Three ads for SmokePops LDN, a retailer selling ‘smokepops’ (crushable flavoured balls designed to be inserted into the filter part of a cigarette to alter its flavour), seen in January 2022:
a. A paid-for ad on Facebook featured a video demonstration of how to insert the product into the filter of a cigarette.
b. A post on the advertiser’s Facebook page included the claim “safe to use made with lab-tested organic ingredients”.
c. The advertiser’s website, www.smokepops.co.uk, featured the claims “safe to use made with lab-tested organic ingredients”, “smokepops are formulated with organic essential oils, a healthy option that leaves your tastebuds excited and wanting more”, “made with optimum ingredients for optimum health”, and the same video as ad (a).
1. One complainant challenged whether ads (a) and (c) irresponsibly promoted smoking because they featured a cigarette.
2. The ASA challenged whether the claims “safe to use”, “optimum health” and “a healthy option” were misleading and irresponsible because the product was intended to be used while smoking cigarettes.
Response1. & 2. Smokepops LDN said that they did not intend to promote harmful or unhealthy behaviour. They said that the product’s manufacturer held documentation which included safety certification and ingredient quality assurance. They said they had amended their advertising to remove the claims being investigated.
The ASA understood that the product was intended to alter the taste and experience of smoking a cigarette. We considered that showing a cigarette in ads (a) and (c) and including a demonstration of how to insert the product into a cigarette filter had the effect of encouraging smoking.
We therefore concluded that the ads were irresponsible.
On that point, ads (a) and (c) breached CAP Code (Edition 12) rule 1.3 1.3 Marketing communications must be prepared with a sense of responsibility to consumers and to society. (Social responsibility)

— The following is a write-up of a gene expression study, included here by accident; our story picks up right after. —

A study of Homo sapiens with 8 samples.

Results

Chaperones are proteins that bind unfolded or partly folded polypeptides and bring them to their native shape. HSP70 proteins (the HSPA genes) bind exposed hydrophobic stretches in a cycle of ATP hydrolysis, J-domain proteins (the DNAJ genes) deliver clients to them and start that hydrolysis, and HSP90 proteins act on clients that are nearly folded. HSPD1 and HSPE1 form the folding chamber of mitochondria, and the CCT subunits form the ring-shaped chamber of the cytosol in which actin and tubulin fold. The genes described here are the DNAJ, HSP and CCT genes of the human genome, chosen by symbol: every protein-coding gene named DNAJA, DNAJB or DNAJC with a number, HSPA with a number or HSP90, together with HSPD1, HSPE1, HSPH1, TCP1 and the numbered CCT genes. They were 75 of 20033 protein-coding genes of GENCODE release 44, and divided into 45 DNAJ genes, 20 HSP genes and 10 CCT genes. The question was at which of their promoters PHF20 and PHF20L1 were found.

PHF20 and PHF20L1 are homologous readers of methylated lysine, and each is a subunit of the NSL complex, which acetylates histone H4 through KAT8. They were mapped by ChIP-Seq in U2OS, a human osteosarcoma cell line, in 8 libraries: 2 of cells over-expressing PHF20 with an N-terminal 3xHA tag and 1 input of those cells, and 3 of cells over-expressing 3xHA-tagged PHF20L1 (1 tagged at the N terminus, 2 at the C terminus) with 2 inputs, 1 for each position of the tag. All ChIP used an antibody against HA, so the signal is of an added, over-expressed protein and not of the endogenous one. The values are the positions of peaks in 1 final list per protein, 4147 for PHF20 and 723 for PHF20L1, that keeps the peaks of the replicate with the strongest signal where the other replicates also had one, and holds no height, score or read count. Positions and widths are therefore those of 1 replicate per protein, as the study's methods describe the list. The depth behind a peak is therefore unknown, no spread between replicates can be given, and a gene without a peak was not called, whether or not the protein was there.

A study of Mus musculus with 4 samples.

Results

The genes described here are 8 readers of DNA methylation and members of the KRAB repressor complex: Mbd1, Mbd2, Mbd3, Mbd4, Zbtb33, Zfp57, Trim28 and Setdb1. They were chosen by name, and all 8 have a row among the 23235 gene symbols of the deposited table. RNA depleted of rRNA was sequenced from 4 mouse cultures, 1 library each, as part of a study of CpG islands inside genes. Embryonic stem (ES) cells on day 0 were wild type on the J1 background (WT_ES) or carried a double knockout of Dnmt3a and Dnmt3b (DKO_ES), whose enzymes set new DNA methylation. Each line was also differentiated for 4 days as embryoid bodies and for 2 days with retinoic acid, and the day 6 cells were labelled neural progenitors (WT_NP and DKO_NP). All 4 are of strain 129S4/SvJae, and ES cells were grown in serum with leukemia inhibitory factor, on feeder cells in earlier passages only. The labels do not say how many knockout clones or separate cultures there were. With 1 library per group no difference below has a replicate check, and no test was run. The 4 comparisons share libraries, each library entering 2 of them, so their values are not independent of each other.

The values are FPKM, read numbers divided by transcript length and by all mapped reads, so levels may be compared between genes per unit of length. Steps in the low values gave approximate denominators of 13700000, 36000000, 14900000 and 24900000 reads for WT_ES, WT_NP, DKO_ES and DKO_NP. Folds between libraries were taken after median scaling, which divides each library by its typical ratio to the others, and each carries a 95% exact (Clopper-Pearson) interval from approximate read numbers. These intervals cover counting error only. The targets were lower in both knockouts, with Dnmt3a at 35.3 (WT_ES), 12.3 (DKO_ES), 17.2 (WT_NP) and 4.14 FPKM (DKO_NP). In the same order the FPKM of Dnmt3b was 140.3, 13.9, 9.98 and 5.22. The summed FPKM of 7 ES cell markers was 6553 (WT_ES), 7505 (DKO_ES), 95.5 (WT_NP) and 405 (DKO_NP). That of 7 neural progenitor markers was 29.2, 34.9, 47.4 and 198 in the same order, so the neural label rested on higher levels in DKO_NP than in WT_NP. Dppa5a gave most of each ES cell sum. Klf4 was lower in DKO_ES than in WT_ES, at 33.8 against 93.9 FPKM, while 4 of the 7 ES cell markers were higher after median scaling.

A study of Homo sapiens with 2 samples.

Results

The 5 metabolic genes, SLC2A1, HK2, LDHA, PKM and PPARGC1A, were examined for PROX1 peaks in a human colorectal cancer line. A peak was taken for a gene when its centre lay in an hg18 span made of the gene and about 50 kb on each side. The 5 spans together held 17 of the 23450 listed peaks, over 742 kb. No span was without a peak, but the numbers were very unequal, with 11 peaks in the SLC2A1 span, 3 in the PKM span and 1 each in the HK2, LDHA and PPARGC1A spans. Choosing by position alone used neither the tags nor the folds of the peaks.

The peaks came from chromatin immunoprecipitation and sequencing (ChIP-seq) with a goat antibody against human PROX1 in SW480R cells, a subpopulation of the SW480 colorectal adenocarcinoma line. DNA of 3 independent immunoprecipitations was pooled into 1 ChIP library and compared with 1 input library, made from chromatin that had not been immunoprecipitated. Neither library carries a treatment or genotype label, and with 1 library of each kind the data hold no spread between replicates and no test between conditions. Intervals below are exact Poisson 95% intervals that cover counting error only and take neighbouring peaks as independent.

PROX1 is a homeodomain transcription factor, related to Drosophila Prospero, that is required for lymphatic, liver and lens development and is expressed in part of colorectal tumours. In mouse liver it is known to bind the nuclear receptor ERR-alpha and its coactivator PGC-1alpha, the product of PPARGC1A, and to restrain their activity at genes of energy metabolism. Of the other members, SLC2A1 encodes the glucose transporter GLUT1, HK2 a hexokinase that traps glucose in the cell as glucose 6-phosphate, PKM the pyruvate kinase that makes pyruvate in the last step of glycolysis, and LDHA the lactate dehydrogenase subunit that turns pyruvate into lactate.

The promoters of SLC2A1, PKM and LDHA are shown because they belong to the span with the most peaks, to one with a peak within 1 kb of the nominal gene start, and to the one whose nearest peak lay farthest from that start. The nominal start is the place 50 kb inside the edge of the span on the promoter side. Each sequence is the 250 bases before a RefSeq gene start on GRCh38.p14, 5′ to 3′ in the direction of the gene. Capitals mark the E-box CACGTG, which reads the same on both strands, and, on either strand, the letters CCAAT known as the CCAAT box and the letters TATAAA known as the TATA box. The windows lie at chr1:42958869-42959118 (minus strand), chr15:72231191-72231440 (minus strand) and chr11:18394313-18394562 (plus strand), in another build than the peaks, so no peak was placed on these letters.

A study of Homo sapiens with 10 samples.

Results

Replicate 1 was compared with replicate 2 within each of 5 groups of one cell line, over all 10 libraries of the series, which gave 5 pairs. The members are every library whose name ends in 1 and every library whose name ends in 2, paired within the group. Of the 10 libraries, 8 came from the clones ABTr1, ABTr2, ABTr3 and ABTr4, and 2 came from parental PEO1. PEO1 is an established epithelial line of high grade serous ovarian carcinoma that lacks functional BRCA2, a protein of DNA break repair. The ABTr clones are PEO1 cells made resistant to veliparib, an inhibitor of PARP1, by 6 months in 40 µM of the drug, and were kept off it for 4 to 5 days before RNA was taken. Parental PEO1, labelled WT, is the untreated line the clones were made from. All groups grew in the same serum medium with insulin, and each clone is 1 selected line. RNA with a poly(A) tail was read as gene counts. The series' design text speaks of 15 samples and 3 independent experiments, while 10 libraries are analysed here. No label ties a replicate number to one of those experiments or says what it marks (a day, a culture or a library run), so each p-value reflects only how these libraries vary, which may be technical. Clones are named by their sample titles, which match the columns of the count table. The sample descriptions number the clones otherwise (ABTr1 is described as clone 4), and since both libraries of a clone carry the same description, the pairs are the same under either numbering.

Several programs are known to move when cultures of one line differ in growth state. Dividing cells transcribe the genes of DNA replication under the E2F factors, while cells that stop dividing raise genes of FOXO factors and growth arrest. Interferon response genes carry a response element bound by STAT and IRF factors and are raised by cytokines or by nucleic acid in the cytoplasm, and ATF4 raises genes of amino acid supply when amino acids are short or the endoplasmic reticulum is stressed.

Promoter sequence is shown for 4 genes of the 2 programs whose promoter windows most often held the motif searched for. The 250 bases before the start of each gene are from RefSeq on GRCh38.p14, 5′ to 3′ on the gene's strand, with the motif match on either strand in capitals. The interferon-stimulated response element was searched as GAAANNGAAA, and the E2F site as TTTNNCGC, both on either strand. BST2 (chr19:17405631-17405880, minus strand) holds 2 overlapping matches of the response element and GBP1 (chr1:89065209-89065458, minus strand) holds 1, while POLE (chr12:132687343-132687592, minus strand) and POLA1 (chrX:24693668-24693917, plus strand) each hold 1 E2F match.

The ASA noted that smoking cigarettes was harmful to health. Because we understood that the product was intended to be used while smoking cigarettes, we considered that the claims “safe to use” in ads (b) and (c), and “optimum health” and “a healthy option” in ad (c) were misleading and irresponsible. We welcomed Smokepops’s assurance that they would remove the claims and considered that products that were used only in conjunction with cigarettes should never be described as safe or healthy. We therefore concluded that the claims were misleading and irresponsible.
On that point, ads (b) and (c) breached CAP Code (Edition 12) rules 1.3 1.3 Marketing communications must be prepared with a sense of responsibility to consumers and to society. (Social responsibility) and 3.1 3.1 Marketing communications must not materially mislead or be likely to do so. (Misleading advertising).
The ads should not appear again in the forms complained of. We told Smokepops LDN to ensure that their advertising did not encourage smoking or suggest that the products were safe or healthy.